Hydropower is one of the oldest and most important renewable energy sources in United States. In 1882, the world’s first commercial central DC hydroelectric power plant provided power for a paper mill in Appleton, Wisconsin
At the end of 2021, hydropower accounted for 31.5% of total U.S. renewable electricity generation and about 6.3% of total U.S. electricity generation.
The state of Washington is nation’s leader in hydroelectricity generation capacity.
At the end of 2021, there were around 1,450 conventional and 40 pumped-storage hydropower plants operating in the United States.
According to the International Hydropower Association, the United States is the 3rd largest producer of hydroelectric power in the world in 2021 after Brazil and China.
Grand Coulee dam is the lagest hydroelectric power station in the United States with the installed capacity of 6,809 MW.
There are conventional hydropower facilites in nearly every US state.
In 2021, total U.S. conventional hydroelectricity net summer generation capacity was 80,027 megawatts (MW)—or about 80 million kilowatts.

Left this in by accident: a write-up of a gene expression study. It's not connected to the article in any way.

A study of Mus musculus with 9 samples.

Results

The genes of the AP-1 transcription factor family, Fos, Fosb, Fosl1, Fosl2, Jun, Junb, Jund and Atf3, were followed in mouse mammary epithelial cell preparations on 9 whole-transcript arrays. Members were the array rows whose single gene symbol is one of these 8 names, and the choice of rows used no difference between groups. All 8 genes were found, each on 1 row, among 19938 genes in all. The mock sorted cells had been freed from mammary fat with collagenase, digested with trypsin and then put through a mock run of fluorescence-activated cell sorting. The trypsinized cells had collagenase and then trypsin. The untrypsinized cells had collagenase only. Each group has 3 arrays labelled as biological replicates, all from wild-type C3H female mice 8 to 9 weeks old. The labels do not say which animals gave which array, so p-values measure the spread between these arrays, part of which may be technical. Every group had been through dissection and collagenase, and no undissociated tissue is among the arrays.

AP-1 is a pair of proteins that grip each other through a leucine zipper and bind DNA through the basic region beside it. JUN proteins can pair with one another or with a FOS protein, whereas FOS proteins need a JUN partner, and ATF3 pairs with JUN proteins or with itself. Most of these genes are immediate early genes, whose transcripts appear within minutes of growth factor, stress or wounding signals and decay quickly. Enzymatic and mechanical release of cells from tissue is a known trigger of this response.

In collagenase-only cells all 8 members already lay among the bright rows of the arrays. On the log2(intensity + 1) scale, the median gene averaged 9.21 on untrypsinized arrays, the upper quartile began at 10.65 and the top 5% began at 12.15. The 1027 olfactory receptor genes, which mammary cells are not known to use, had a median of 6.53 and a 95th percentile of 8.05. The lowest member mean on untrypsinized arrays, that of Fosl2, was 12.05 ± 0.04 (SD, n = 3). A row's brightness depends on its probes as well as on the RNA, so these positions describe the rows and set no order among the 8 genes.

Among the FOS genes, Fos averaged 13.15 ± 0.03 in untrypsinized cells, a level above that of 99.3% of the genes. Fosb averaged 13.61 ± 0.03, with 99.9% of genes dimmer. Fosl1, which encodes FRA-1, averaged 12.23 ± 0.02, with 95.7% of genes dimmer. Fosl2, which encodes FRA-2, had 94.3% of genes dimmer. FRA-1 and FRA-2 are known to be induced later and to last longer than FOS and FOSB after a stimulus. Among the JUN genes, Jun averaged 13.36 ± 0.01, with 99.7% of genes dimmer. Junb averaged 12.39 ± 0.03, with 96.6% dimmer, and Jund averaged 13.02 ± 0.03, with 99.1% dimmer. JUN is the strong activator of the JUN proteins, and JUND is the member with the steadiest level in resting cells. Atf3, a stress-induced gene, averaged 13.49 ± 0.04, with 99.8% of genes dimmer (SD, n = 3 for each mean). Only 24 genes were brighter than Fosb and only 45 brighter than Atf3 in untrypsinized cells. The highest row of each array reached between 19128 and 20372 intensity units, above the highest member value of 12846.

Only a small percentage of the dams in the United States produce electricity because most dams were constructed for irrigation and flood control.
Droughts caused by climate change already negatively effect US hydropower generation. In 2022, the water in Lake Powell, one of the nation’s largest reservoirs, has fallen extremely low amid the Western drought. Modernizing existing US hydropower infrastructure could increase efficiency and help recover some drought-related losses.
2021 landmark infrastructure law provided $2.3 billion in dam funding and $753 million that will go toward dam safety and environmental improvements.
The U.S. is unlikely to see much hydropower growth in the coming decade, in part due to the onerous licensing and permitting process.
There are over 90000 dams in United States.